Ronald D. Wenrich is a sawmill management consultant from Jonestown, Pennsylvania, USA. This Penn State graduate has logged timber, inspected treated forest products, been a mill foreman, procured wood, and is now a sawmilling specialist.
Q: OK, Ron, lets continue. I want to wind up the discussion on lumber prices by asking if they can be predicted?
Ron Wenrich: Not any better than any other commodity. Usually large changes in price are dramatic and short lived when they occur. When changes take place, lumber production is either increased or curtailed; this usually corrects the problem.
But spikes and troughs can be severe and are generally unforeseen. If a mill is caught with too much inventory during a trough, a lot of money is lost. Conversely, if a mill has needed material and the ability to mill it, a lot of money is made.
Sometimes the loss may be driven back to the stump by dropping timber prices. Rarely is the windfall ever driven back to the stump unless the mills need timber immediately.
Q: I am called every day by Alabama landowners needing to know how to market their timber. You are an expert in sawmilling. What do you suggest is the best way to market your timber?
Ron Wenrich: There are three things needed to have a successful timber sale. Adequate access, sufficient volumes, and high quality trees. If a landowner is contacted about harvesting timber, he probably meets those specifications.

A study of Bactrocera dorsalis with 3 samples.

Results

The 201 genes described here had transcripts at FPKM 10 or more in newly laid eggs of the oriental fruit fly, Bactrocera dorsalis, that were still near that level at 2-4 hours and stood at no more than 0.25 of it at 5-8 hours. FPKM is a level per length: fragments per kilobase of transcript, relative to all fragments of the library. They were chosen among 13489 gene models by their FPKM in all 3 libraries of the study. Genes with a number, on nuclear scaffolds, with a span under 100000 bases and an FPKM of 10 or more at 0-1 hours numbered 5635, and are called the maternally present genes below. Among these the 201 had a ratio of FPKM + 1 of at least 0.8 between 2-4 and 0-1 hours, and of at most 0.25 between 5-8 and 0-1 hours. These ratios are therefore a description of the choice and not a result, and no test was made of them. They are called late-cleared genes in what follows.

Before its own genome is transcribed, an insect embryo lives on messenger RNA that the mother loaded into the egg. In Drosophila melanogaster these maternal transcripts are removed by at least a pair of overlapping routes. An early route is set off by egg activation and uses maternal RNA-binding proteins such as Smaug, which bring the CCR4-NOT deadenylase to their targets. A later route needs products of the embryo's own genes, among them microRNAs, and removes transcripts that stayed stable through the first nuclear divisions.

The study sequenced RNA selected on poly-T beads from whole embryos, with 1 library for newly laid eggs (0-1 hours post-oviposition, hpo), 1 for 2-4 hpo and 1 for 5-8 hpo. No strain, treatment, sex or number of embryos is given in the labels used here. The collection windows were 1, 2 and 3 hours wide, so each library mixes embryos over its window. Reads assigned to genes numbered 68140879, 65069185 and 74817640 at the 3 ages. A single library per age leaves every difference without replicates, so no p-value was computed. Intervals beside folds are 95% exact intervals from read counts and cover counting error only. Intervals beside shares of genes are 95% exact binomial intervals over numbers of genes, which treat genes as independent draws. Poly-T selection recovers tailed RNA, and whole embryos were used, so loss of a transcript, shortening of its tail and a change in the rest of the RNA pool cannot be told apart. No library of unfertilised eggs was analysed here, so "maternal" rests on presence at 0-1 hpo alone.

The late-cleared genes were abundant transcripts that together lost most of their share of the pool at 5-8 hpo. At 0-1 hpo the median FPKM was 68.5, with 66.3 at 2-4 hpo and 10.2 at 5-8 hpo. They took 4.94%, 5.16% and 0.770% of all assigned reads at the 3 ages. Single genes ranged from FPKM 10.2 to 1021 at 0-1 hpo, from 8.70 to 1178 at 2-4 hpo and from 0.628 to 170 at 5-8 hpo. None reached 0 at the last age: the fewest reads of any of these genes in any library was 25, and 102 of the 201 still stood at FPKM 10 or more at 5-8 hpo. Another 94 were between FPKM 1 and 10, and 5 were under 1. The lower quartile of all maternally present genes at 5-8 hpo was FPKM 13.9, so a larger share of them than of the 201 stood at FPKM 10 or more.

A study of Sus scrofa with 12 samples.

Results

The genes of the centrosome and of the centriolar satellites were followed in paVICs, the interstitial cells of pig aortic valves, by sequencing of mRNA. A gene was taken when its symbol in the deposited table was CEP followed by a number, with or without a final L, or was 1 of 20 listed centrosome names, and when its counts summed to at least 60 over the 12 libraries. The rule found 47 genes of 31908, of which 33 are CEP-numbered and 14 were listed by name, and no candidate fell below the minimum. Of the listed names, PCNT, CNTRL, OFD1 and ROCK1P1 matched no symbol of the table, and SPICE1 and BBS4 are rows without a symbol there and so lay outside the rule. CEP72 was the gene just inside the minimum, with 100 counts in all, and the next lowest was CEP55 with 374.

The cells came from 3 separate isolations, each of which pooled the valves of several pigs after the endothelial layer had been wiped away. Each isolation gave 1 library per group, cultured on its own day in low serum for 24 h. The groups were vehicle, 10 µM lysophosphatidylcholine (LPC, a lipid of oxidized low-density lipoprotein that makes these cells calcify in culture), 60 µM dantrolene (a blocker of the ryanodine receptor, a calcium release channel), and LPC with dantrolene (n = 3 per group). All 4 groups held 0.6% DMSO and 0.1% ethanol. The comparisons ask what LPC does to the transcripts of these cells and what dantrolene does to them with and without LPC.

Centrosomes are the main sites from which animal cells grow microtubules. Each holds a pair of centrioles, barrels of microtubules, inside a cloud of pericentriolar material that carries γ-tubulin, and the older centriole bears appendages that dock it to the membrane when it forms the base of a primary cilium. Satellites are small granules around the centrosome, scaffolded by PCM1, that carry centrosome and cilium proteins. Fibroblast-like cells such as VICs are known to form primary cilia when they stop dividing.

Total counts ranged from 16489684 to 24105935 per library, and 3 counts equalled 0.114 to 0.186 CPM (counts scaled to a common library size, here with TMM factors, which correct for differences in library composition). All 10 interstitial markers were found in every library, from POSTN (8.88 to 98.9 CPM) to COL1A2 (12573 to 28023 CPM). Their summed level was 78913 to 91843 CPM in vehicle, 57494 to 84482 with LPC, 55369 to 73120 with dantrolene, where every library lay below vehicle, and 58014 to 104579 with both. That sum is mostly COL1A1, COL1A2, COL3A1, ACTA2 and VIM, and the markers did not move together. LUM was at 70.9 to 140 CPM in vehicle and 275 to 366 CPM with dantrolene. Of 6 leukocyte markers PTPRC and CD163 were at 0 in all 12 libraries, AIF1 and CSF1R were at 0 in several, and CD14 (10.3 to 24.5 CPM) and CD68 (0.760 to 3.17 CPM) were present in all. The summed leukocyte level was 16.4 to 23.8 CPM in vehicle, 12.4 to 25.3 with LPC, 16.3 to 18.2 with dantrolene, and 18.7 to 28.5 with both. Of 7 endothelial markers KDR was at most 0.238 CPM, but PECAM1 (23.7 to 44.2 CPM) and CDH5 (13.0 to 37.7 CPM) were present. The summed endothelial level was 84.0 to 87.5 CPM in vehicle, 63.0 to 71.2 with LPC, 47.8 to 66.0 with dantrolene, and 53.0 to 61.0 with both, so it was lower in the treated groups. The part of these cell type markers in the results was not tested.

Ed. Note: If you are approached and asked to sell your timber it is time to get expert advice.
Whether or not to use a consultant is up to the landowner. However, when trying to make a deal with a timber buyer, the landowner should be well informed. In the very least, a timber owner should seek a second opinion.
Maybe the harvest isn't recommended or shouldn't be harvested the way it is prescribed. If a harvest is to take place, a consultant or other independent party should mark the timber to be harvested and a talley and appraisal provided.
The owner should then seek out interested mills and loggers. It is advisable to get as many bids as possible. If selling privately, a lawyer should be contacted to look over the contract and a forestry consultant should inspect the logging operation on behalf of the owner.
If the forest landowner does not want to get too involved with the sale of the timber, he should get a consultant to handle the sale. He will mark the timber, solicit bids, draw up contracts, and administer the sale for a commission.